Good Friday afternoon, and welcome to the Weekly Scan.  Here are some of the key stories you may have missed in the debate on America’s health care future:

It was a tough week for supporters of Medicare for all, as the first round of Democratic presidential debates highlighted the serious risks – both practical and political – associated with a one-size-fits-all government-run system.

On Thursday night, Senator Michael Bennet (D-Colo.) reminded fellow 2020 contender Senator Bernie Sanders (I-Vt.) that the push for state-level Medicare for all in Sanders’s home state of Vermont failed because of the massive costs that would have been foisted on hardworking families through higher taxes.

Meanwhile, Senator Kamala Harris (D-Calif.) is once again struggling to square her claim that she does not support eliminating private health coverage with her support for Medicare for all – which eliminates private health coverage.  As HuffPost reported: “After taking several seemingly contradictory positions on the issue in recent months, Sen. Kamala Harris (D-Calif.) confirmed Thursday she supports abolishing private health insurance in favor of a government-run health care program for all Americans.”  But in post-debate interviews Thursday evening and on MSNBC’s “Morning Joe” Friday morning, Harris stated that she understood the question to have been about giving up her own private insurance, adding further confusion to what is viewed as an already perplexing set of statements by the Senator as she struggles to explain her support for Medicare for all, which eliminates private coverage.

Leading up to the debates, the Partnership for America’s Health Care Future issued a memo outlining the dangers of so-called “moderate” fallback plans, such as “Medicare buy-in” or “public option” schemes, and on Wednesday evening issued a statement pointing out that while some of the presidential hopefuls on the debate stage were quick to acknowledge Medicare for all’s high costs, middle-class tax hikes, and threats to patients’ access to quality care, “the government-run insurance systems supported by many of the candidates making these points – such as ‘Medicare buy-in’ or a ‘public option’ – are stepping stones to a one-size-fits-all system, and would ultimately lead to the same results.”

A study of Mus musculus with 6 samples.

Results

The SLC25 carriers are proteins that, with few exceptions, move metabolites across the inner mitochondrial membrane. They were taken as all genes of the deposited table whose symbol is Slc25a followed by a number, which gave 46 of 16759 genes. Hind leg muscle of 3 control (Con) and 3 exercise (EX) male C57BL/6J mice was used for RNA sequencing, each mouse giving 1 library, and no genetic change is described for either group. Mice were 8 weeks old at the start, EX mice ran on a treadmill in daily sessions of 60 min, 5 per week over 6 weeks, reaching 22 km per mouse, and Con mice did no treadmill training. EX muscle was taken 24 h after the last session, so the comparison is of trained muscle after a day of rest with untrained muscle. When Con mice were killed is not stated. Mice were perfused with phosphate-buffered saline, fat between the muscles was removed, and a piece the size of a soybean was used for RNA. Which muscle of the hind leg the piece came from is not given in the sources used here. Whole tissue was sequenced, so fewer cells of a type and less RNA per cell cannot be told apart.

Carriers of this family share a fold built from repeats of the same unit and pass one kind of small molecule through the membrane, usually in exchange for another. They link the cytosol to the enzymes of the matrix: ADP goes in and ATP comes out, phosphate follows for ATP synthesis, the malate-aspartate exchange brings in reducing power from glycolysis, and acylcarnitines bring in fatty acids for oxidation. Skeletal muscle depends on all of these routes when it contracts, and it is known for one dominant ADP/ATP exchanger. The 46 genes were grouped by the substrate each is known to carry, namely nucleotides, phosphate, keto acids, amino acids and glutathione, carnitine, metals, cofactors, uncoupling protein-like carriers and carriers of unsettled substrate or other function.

The Partnership also launched a timely, targeted digital advertising campaign to educate the American public on the realities of government-run insurance systems.  “If you’re watching the Democratic debate online tonight, expect to see a lot of the Partnership for America’s Health Care Future, POLITICO reported. “The group is sponsoring YouTube’s homepage in 2020 early primary states, as well as in Miami and Washington, D.C. … It also will run video ads online, including on MSNBC’s platform.”  The Partnership also launched video ads on Twitter and Facebook and sponsored a health care-themed SnapChat geofilter around the debate venue. 

Meanwhile, as news outlets drew attention to the high costs and inevitable middle-class tax hikes that come with a one-size-fits-all health care system – with The New York Times reporting such a system “would not come cheaply” and ABC News noting that “health care experts have cautioned against [Medicare for all], which some estimates say could cost the federal government $32 trillion over 10 years” – Americans and local lawmakers also expressed concerns over government insurance programs ahead of the debates.